Candidate really cares

Norma Smith cares about people. And most importantly, she walks the talk. Last summer I spoke with her about families of an unheralded World War II disaster in which 1,015 young U.S. soldiers lost their lives on the day after Thanksgiving of 1943. For over 50 years, families of those casualties were never told what happened to their loved ones and parents went to their graves never told of the fate of their sons. Over 900 men managed to heroically survive this incredible tragedy in the Mediterranean in which a German remote-controlled bomb was launched in the air and sunk the HMT Rohna, a troopship bound for Bombay to bring troops and supplies to the China-Burma-India theater of the war.

Norma, who was then special assistant to Congressman Jack Metcalf and who has a deep interest in veteran’s affairs, immediately responded. She also knew that I had a personal interest in this tragedy since my family was one of those that had remained in the dark for over 50 years. She expressed genuine interest and asked pertinent questions. Then, to my amazement, she arranged for a briefing session for me with Congressman Metcalf.

To make a long story short, as a result of Norma’s caring, a conclusion to this chapter in history occurred on Oct. 10. The House of Representatives passed House Concurrent Resolution 408 by Congressman Metcalf. This resolution expressed the appreciation of Congress for the heroic sacrifice of the servicemen who died for freedom, for the bravery of the survivors, for the families of these service members, and finally for the rescuers, especially the crew of the USS Pioneer who endangered their own lives to save 606 men.

Thanks to Norma Smith, a person who really cares. Norma Smith really walks the talk.


Talk to us

> Give us your news tips.

> Send us a letter to the editor.

> More Herald contact information.

More in Opinion

Editorial cartoons for Sunday, May 26

A sketchy look at the news of the day.… Continue reading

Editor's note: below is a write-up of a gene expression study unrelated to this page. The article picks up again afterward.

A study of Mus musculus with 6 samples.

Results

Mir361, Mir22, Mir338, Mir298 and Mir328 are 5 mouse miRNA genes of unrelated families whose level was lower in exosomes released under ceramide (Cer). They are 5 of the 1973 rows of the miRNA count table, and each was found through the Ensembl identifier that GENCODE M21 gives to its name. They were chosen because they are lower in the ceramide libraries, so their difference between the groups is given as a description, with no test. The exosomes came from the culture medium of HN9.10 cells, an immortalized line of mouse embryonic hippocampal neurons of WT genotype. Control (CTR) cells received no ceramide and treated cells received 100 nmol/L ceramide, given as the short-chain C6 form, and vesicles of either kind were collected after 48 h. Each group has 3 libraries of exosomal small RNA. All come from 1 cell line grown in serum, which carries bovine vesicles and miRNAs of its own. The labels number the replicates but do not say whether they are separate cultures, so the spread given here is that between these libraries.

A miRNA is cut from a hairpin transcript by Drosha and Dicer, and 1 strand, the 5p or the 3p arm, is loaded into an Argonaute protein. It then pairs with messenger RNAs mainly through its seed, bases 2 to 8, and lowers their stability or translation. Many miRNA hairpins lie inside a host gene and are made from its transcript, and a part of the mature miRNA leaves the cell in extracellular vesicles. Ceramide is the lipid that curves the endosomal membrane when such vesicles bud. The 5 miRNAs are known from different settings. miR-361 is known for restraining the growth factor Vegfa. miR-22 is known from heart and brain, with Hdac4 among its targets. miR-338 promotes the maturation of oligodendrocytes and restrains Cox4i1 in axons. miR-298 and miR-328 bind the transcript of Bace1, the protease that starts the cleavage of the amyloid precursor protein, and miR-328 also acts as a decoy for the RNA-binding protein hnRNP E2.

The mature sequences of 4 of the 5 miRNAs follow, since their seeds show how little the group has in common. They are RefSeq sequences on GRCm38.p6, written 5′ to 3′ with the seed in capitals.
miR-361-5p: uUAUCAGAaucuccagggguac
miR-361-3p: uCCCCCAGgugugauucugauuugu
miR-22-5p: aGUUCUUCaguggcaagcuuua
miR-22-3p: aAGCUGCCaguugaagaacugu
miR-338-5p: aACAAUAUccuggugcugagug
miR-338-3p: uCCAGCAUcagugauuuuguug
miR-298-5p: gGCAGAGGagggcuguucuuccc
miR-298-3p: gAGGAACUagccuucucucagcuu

FILE - A worker cleans a jet bridge at Paine Field in Everett, Wash., before passengers board an Alaska Airlines flight, March 4, 2019. Seattle-based Alaska Airlines owns Horizon Air. Three passengers sued Alaska Airlines on Thursday, Nov. 2, 2023, saying they suffered emotional distress from an incident last month in which an off-duty pilot, was accused of trying to shut down the engines of a flight from Washington state to San Francisco. (AP Photo/Ted S. Warren, File)
Editorial: FAA bill set to improve flight safety, experience

With FAA reauthorization, Congress proves it’s capable of legislating and not just throwing shade.

The author’s 19-year-old niece, Veronika, was among seven people killed by a gunman on May 23, 2014, in Isla Vista, Calif.
Comment: I lost my niece to gun violence 10 years ago this week

Since then, Washington state voters and lawmakers have taken bold steps to discourage gun violence.

Comment: Reroute of Harvey Field runway not worth flood risk

Without a projected need for expansion, the work risks flooding impacts to wildlife and residents.

Expanding grants will help more students get college degrees

For good or ill, the American labor force is being automated. To… Continue reading

Was I-5’s long closure necessary?

It seems there needs to be a rational discussion and possibly a… Continue reading

Balloon releases are harming wildlife

When will the media stop perpetuating the myth that releasing balloons into… Continue reading

1oth LD, Senate race: St. Clair brings experience to post

We are fortunate to have an outstanding Democratic candidate running for State… Continue reading

FILE — TikTok content creators at a news conference with several House Democrats on Capitol Hill on Tuesday, March 12, 2024. A bill that would force a sale of TikTok by its Chinese owner, ByteDance — or ban it outright — was passed by the Senate and is expected to be signed into law by President Biden; now the process is likely to get even more complicated. (Haiyun Jiang/The New York Times)
Comment: Why TikTok’s lawsuit of federal ban isn’t all talk

The social media app’s makers are challenging the ban on legitimate First Amendment grounds.

The vessel Tonga Chief, a 10-year-old Singaporean container ship, is moored at the Port of Everett Seaport in November, 2023, in Everett. (Ryan Berry / The Herald file photo)
Editorial: Leave port tax issue for campaign, not the ballot

Including “taxing district” on ballot issue to expand the Port of Everett’s boundaries is prejudicial.

Snohomish County Councilmembers Nate Nehring, left, and Jared Mead, speaking, take turns moderating a panel including Tulip Tribes Chairwoman Teri Gobin, Stanwood Mayor Sid Roberts and Lynnwood Mayor Christine Frizzell during the Building Bridges Summit on Monday, Dec. 4, 2023, at Western Washington University Everett in Everett, Washington. (Ryan Berry / The Herald)
Editorial: Candidates, voters have campaign promises to make

Two county officials’ efforts to improve political discourse skills are expanding to youths and adults.

Attorney General Bob Ferguson speaks to a reporter as his 2024 gubernatorial campaign launch event gets underway in Seattle, on Saturday, Sept. 9, 2023. ( Jerry Cornfield/Washington State Standard)
Editorial: Recruiting two Bob Fergusons isn’t election integrity

A GOP activist paid the filing fee for two gubernatorial candidates who share the attorney general’s name.

Support local journalism

If you value local news, make a gift now to support the trusted journalism you get in The Daily Herald. Donations processed in this system are not tax deductible.